Equal rights for men and women starts with the children

Did you know that 35-40 million girls and women are missing from the Indian population?
In India there were 940 females per 1,000 males in 2011. Haryana and Punjab have the lowest sex ratio in the country with 879 females per 1,000 males in Haryana and 895 females per 1,000 males in Punjab.

The child sex ratio describing the situation for children up to five years it is even worse. In Haryana there are 834 girls per 1,000 boys and in Punjab there are 846 girls per 1,000 boys. How can these terrible figures be true?

If there are so many more men than women maybe women will be better treated in India, I think. But from Save the Children and Breakthrough (an organisation working on gender-based discrimination in India), I hear the opposite. Discrimination against women starts before the girl is born by feticide of girl children. The birth of a son is celebrated but not often the birth of a daughter.

It happens that girls that are born in their homes don’t get registered. That means that they officially don’t exist. Many girls don’t get the same nutritious food as the boys, fewer girls go to school and finish their education. If the family can afford it they send their sons to a private school but more seldom their daughters. And 30% of girls in India marry before the legal age of 18 years. I am totally shocked by this information!

Of course I have heard about it before, but the fact that so many women are missing in the country and that discrimination against women is happening on so many levels during a woman’s life is new to me. But thanks to passionate people burning for the rights of children and women there is hope for a change for children and women in India!

In the village of Kheri Barkhi, I get the opportunity to meet 20 children attending a children’s group meeting. In groups the children are looking at posters they have made on the topic of discrimination against girls and children’s rights. The children are discussing basic values as equal rights for boys and girls and for children. They learn what rights they actually have and are encouraged to express their rights and wishes. They learn that all children have the right to an education and that child marriage is forbidden. They have a place and a platform where they can talk about topics that are important for them and receive support from the Child Protection Committee in the village, where teachers, health and social workers, village members and other children support them.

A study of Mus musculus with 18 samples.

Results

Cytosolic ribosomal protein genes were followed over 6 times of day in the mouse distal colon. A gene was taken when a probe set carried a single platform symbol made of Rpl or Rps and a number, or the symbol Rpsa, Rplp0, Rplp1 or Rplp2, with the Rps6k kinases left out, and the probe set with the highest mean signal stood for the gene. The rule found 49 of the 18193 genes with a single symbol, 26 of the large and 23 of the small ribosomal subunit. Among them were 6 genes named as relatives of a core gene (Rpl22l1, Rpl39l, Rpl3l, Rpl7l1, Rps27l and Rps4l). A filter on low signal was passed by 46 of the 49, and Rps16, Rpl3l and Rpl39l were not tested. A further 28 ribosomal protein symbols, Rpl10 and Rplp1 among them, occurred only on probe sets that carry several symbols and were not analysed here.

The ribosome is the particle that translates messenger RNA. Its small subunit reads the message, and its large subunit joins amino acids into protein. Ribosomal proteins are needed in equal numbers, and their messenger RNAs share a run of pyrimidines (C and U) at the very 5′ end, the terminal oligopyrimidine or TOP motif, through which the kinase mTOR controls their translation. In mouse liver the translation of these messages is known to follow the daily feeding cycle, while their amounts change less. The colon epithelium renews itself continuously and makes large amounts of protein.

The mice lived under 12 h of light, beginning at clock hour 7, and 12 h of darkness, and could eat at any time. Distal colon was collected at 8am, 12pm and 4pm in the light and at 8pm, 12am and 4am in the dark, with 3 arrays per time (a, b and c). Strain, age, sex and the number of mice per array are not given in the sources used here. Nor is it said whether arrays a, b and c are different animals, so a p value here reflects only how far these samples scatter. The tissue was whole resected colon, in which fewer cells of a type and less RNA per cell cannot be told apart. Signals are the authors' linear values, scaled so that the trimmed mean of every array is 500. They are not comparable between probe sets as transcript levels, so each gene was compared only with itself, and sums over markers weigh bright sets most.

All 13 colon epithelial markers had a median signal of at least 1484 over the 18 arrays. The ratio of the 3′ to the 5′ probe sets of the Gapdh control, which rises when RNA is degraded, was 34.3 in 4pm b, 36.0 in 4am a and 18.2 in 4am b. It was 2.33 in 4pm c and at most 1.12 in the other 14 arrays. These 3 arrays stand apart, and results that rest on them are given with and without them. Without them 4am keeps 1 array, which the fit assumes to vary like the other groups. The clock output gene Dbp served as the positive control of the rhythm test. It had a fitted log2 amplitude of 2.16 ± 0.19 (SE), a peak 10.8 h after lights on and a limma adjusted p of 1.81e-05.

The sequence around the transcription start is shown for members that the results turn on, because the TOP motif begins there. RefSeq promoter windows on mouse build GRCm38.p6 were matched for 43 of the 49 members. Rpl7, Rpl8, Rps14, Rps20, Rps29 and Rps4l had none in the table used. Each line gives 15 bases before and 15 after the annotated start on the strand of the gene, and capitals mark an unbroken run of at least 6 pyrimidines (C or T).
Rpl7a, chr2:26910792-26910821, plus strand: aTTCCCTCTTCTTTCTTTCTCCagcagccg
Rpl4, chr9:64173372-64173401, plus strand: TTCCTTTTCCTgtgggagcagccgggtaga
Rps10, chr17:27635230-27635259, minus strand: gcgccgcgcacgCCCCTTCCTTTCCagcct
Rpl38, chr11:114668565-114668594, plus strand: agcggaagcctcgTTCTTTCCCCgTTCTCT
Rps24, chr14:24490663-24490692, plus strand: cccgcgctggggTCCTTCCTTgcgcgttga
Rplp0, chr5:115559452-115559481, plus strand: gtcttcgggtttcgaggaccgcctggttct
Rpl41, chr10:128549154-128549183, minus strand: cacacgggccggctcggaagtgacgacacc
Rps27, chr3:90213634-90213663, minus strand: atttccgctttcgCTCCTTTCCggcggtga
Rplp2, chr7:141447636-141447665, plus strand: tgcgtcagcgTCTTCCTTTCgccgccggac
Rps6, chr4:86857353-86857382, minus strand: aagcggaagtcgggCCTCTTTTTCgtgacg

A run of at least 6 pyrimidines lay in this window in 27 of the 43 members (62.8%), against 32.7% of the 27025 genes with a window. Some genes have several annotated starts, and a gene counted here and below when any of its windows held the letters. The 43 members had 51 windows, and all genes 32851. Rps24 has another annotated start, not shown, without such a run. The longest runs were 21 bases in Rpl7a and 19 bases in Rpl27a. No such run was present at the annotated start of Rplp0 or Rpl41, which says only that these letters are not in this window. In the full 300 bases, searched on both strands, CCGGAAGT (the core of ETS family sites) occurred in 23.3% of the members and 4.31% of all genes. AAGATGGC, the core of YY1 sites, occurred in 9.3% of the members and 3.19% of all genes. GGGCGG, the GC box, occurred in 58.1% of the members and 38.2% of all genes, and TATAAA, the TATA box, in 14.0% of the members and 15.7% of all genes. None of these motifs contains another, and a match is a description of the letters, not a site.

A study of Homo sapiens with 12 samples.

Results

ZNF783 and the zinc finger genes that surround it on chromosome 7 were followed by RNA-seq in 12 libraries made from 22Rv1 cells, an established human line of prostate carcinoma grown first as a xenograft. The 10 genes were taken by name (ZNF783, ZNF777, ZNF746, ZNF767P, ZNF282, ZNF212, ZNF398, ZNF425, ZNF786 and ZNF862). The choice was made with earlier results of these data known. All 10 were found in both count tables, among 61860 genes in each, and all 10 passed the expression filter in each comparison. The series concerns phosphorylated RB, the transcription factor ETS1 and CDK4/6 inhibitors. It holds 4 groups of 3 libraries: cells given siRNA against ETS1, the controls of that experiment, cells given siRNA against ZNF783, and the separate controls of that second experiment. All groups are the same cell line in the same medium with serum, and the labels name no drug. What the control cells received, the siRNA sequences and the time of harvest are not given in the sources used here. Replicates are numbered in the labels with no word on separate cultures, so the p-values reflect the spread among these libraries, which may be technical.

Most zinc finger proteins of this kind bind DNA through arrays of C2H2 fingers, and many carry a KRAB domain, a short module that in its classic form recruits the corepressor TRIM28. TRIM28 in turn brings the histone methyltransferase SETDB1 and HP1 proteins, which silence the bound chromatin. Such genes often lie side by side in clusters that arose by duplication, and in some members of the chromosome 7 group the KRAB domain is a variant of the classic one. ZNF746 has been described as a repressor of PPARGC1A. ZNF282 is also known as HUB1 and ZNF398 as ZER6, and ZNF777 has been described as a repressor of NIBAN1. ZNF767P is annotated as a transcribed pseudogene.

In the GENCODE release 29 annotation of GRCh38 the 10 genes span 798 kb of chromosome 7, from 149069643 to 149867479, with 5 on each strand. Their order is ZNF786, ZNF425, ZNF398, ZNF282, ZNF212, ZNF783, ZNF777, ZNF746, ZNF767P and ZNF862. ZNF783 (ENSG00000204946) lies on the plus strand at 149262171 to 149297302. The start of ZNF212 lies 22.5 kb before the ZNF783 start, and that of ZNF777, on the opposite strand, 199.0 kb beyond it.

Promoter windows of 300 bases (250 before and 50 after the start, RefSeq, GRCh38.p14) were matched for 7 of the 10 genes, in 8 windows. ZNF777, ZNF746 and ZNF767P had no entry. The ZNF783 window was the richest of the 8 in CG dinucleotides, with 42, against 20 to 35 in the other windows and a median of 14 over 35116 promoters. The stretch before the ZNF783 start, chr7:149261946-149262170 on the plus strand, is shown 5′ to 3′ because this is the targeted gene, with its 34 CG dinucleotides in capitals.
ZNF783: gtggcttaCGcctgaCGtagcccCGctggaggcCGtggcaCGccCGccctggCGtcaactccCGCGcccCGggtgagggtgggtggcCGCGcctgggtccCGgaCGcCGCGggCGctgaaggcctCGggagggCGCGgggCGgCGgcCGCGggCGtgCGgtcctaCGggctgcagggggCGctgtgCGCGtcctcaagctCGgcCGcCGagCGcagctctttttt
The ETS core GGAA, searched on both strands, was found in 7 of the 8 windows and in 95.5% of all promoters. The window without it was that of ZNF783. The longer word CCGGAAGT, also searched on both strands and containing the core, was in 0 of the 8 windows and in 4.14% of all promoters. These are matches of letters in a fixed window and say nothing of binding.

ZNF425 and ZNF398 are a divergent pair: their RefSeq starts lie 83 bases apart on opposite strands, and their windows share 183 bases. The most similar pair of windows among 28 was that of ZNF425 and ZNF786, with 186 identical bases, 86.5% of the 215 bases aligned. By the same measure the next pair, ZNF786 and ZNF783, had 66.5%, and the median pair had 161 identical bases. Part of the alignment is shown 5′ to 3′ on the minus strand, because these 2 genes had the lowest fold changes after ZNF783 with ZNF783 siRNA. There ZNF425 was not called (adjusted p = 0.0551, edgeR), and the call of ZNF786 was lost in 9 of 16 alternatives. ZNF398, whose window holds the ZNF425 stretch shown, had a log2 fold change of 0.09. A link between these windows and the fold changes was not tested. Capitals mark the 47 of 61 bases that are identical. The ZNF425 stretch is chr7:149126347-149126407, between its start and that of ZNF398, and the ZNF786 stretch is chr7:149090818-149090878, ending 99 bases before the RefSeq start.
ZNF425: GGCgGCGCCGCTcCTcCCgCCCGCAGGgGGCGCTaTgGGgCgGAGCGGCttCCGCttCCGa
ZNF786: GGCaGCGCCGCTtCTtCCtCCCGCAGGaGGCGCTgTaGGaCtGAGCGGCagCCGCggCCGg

What does an equal society look like?
Based on this question children have painted what everyday would look like:

Girls and boys are eating together and they get the same food - by Paul Barendregt
Girls and boys are eating together and they get the same food – by Paul Barendregt
photo-3
In an equal society boys and girls can be friends and play and do sports together – by Paul Barendregt
In an equal society boys and girls, men and women share the household chores - by Paul Barendregt
In an equal society boys and girls, men and women share the household chores – by Paul Barendregt

In Haryana and Punjab there are 833 children’s groups with 20 children in each group. That means there are more than 16,000 children who learn about basic values as equal rights for men and women, and children’s rights, thanks to Save the Children and their partner organisations Pratham and Breakthrough.

The Child Protection Committee in Kheri Barkhi has facilitated getting birth certificates for three children. Five children have been brought back to school from child labour and, today, all boys and girls go to school up to the age of 18 years. One hundred and fifteen households have received social welfare help.

In the village of Rohtak, all children in the local school are gathered on the yard outside the school to participate in a video van campaign organised by Breakthrough. In a very fun, enthusiastic and involving way, children sing songs, read poems, show drawings and look at a theatre. Everything focuses on the topic of gender-based discrimination.

“I must study; since the right to study is denied for me, because I have to give wings to my dreams to fight, because I too have dream to do what I would like to do.” This is part of a poem where a daughter explains to her father why she wants to study.

Despite the challenges, I see a lot of happiness and joy among the children. I am impressed by their awareness of both discrimination and rights and I see their drawings showing boys and girls, men and women, being happy together.

“How can the basic value of equal rights really change in India?” I ask Jatin Mondar, Project Director, Save the Children India. He answers me: “By teaching children when they are young that boys and girls are equal you can change the mindset long term.”